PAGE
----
Guess What Article for August 2006
By Bob Cahn, “The Primitive Man”
It’s small! It’s a goody – well-made, compact, sturdy, solid and satisfying. Sounds like a TV commercial.
An executive paperweight? Not really, but an eclectic possibility. Unusual – definitely! Rare – and scarce…you’d better believe it! We’ve not seen the likes of it before; good reason to offer it as this month’s GUESS WHAT challenge.
It has two different size tapered openings – each with its own accompanying parallel shaving blade.
We’ve given you the basics, but what was its function? What problem did it alleviate, improve, correct, alter, change, re-shape or transform? A lot of possibilities for something so small – but we guarantee that the answer will intrigue you, as it did us.
Sizing it up as follows: 3-1/2 inches wide by 1-3/4 inches deep by 7/8 inches high, made by J.F. Palmberg, Boston, with the tapered hole openings of 1/4 inch and 3/8 inch each. Armed with these size references, which of the following implausibilities seems the most likely – with the actual use hidden in the mix.
- Stringed instrument tuning peg hand taper/shaver
- Cigarette self-rolling shaper/former
- Golf tee blunt tip sharpener
- Student’s pencil box pointer
- Chop sticks thin end whittler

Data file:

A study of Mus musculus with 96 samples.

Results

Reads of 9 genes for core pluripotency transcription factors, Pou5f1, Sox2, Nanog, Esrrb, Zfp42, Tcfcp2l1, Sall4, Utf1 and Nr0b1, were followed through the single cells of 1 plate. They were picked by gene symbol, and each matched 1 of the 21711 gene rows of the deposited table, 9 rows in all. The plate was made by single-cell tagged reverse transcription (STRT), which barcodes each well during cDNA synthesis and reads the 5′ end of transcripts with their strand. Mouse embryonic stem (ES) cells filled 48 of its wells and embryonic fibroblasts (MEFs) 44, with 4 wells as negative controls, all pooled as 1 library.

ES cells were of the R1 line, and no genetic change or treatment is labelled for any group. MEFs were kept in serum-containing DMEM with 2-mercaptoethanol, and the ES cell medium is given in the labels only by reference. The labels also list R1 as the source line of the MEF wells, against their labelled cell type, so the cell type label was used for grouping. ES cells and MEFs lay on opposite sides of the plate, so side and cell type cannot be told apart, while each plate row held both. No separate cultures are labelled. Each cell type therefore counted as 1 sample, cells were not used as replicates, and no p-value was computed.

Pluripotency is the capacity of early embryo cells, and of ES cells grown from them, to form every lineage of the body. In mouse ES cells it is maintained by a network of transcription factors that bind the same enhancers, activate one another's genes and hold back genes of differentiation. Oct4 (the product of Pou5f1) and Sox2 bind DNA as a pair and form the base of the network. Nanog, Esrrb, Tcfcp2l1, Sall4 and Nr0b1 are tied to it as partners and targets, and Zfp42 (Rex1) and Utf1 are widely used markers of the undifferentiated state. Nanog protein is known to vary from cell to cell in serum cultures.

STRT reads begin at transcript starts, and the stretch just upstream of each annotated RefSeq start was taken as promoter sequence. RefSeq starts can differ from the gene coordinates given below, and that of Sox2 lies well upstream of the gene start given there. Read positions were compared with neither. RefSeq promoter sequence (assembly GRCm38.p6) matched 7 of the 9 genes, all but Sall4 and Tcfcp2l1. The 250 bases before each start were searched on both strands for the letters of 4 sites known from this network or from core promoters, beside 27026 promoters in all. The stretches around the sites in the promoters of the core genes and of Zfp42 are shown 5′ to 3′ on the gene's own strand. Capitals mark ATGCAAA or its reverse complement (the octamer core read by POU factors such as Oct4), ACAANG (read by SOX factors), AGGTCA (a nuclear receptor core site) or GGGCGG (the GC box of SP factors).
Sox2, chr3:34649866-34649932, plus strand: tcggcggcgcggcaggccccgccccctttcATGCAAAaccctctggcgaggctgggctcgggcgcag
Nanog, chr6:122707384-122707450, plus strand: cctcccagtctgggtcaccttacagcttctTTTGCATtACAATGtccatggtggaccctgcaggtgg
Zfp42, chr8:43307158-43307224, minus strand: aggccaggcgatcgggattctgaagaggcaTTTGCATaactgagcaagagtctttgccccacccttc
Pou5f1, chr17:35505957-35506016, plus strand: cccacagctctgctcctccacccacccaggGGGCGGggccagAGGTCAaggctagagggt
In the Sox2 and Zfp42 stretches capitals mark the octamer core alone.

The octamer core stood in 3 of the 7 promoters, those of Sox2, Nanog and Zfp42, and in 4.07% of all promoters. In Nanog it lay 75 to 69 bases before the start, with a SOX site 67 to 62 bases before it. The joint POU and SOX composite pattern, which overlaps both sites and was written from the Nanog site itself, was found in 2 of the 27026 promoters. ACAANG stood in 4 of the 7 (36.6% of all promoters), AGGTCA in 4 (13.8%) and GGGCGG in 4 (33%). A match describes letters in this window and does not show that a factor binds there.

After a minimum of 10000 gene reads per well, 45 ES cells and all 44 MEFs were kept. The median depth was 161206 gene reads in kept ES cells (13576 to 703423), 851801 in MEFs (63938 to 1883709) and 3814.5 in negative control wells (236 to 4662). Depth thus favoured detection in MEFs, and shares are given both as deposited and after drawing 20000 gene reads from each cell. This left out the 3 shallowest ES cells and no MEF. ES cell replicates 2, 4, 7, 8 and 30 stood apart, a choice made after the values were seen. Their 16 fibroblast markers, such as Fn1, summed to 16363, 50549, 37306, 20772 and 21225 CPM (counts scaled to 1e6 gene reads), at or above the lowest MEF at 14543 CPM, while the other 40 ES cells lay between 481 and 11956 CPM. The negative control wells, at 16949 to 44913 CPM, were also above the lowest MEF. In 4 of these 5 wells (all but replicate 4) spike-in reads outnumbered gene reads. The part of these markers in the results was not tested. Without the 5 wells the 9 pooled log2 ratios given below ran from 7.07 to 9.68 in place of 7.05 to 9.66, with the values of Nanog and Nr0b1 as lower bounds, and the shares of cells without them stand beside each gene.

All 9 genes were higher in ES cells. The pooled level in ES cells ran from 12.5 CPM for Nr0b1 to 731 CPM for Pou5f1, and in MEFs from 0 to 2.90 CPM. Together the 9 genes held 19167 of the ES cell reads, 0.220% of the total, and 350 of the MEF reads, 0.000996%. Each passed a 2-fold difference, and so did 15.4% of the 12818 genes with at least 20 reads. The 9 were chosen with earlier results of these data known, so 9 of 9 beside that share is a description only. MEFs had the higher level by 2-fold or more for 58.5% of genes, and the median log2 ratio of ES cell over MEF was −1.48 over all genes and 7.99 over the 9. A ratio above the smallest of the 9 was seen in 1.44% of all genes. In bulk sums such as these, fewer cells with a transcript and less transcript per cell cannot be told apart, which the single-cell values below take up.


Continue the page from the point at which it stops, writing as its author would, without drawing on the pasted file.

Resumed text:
- Used birthday candle recycler/refurbisher
- Teacher’s blackboard chalk sharpener
- Veterinarian’s ostrich toenail trimmer
- Macaroni maker’s even-length sizer
- Soda straw hollow former.
Answer next month, and we can hardly wait. Till then!
Answer to July’s Guess What?
Last month’s puzzler was a “button harvester.” It snipped existing buttons (which were expensive) from worn out garments or uniforms – much like a hedge trimmer or dog groomer’s clipper – with the button automatically accumulating in the reservoir cup at the top of the gizmo.
The lever extending from the side activated the cutting mechanism… enabling the eventual recycling of the precious commodity.
Patented on February 5, 1898 by S.E. Burke, Edon, Ohio. Talk about today’s gadget mentality, this borders on overkill.*
*Many thanks to Bill and Rosemary Ulmer, Whitmore Lake, Michigan.